4.321 Patient Meal

Cycle 4 – Item 321

22 (Fri) November 2013

Patient Meal


at Ajou University Hospital

in my mother’s room

-Woncheon, Yeongtong, Suwon, Gyeonggi, Republic of Korea-

with Mom + Dad

In Korean hospitals, a caregiver is allowed and expected to stay by the patient’s bedside 24/7.  Rather than nurses/orderlies, the caregiver is tasked with helping the patient to/from the restroom, fetching water/snacks, etc., anything that isn’t strictly medical.  Technically, 1 caregiver per patient.  In a 6-patient room, that means 12 people, at least.  Some patients have an entourage of caregivers, sometimes just to keep each other company.

Faux wood paneling = luxury single room = 380,000 per night.

My mother has decided to go it alone in her solo room for the duration of the hospitalization.  With either husband or son in the room, both notorious snorers, she wouldn’t be able to get any sleep, she said.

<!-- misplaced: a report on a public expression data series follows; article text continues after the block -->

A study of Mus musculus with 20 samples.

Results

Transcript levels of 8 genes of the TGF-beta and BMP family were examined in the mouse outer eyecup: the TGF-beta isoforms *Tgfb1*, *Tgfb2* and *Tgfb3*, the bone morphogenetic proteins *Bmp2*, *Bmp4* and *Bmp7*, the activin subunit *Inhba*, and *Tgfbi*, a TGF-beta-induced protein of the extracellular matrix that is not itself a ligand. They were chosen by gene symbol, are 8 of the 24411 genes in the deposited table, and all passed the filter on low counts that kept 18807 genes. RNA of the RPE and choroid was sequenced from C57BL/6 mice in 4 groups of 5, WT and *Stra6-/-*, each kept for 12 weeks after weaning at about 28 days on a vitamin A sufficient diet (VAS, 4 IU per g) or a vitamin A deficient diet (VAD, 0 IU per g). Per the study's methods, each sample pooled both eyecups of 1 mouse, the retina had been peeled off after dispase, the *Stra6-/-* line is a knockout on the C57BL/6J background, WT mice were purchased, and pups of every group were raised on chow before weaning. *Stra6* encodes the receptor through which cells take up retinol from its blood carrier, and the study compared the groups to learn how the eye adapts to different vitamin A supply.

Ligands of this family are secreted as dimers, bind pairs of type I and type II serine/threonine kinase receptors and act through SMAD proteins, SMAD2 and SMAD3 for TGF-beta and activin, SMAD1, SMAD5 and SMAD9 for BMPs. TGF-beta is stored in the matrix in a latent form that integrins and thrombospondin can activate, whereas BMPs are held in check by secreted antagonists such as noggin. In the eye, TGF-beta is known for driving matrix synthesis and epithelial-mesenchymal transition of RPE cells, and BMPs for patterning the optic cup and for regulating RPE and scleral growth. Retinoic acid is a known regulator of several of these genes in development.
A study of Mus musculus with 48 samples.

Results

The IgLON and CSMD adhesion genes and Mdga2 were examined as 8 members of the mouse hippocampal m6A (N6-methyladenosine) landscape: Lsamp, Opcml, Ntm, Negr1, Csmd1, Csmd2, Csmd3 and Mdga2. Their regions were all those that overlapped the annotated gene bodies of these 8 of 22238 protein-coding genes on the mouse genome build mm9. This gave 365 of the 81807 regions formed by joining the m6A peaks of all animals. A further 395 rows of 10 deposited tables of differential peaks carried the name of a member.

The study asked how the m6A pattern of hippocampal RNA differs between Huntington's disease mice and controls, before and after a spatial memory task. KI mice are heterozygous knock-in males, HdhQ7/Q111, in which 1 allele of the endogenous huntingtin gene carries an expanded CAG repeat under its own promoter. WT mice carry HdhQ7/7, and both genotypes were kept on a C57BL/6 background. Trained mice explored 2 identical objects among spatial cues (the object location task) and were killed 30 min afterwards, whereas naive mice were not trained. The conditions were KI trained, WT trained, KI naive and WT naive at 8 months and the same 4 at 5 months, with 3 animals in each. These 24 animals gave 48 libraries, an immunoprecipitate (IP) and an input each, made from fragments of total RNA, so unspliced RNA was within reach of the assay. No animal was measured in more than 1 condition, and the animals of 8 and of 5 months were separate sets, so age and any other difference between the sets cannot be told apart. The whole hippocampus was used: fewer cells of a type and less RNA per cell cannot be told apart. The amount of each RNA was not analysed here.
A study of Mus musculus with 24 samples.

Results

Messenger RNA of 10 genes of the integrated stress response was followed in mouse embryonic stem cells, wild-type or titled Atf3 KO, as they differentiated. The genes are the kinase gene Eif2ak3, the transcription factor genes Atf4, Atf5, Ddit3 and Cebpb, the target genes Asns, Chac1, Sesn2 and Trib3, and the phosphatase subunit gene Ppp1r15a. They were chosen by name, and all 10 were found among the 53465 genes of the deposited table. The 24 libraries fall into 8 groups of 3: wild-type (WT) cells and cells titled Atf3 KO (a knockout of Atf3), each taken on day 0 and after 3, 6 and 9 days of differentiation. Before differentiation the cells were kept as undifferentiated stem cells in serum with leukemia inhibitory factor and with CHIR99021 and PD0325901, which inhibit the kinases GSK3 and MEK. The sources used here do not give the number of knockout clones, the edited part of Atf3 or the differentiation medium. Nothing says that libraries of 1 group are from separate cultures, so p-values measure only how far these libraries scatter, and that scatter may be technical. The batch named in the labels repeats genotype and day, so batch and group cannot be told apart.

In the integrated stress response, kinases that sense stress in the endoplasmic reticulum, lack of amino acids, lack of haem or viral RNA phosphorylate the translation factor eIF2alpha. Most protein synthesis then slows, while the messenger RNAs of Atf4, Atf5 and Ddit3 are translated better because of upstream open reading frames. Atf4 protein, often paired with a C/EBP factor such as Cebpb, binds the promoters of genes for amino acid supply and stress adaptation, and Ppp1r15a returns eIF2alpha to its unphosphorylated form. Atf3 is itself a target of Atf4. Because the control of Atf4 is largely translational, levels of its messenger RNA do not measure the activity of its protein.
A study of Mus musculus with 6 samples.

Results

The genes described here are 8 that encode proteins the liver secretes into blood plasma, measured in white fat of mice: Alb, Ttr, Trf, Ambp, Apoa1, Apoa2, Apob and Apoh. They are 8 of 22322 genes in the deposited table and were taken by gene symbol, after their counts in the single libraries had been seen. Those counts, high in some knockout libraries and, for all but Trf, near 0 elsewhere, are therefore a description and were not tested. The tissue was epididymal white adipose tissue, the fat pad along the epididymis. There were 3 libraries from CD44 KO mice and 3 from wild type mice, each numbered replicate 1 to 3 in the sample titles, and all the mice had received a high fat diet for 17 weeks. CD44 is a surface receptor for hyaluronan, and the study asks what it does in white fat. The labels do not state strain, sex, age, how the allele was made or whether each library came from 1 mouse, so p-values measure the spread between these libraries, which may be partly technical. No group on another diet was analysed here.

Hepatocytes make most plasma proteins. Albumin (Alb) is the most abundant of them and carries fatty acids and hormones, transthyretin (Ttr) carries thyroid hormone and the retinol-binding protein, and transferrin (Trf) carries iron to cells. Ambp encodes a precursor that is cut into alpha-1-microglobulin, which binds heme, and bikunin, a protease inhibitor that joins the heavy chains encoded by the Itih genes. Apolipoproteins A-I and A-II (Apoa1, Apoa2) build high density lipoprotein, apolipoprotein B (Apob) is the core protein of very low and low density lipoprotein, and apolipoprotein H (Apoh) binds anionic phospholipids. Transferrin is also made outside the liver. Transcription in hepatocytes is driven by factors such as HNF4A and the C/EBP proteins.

On the first night, going to the bathroom by herself, she fell and banged her foot, the one just operated upon.  And then, somewhat embarrassed, she waited until the morning to tell anyone about it.  The x-ray revealed no additional damage, thankfully.

Having endured the crappy food at the student and staff cafeterias at Ajou University Hospital (see for example 2.343 The Final Cafeteria Dinner of 2011), I was happy to find that the individual patient meals delivered to the rooms turned out to be quite respectable.  Each consisted of steamed barley rice, some kind of soup, some kind of meat, some kind of jeon or fish, some kind of namul, some kind of kimchi, some kind of fruit, plus milk and water.  Very well-balanced.  In 7 meals, starting Wednesday dinner through dinner tonight, not a single repeat dish, except the rice and kimchi.  Fun to lift off the lids and see what lay underneath.  I was pleasantly surprised, .  Reminded me of the meals that W got in the hospital after IZ was born (see 3.096 Postpartum Recovery Meal).

Obviously, I didn’t eat this for dinner.  (Later with my father, we grabbed something at a neighborhood restaurant, totally not worth mentioning.)  Knock wood, I’m hoping that I won’t be dining in a hospital bed myself anytime soon, so I took the opportunity to feature Korean hospital food as a vicarious experience.  I did sample each dish, to make it official.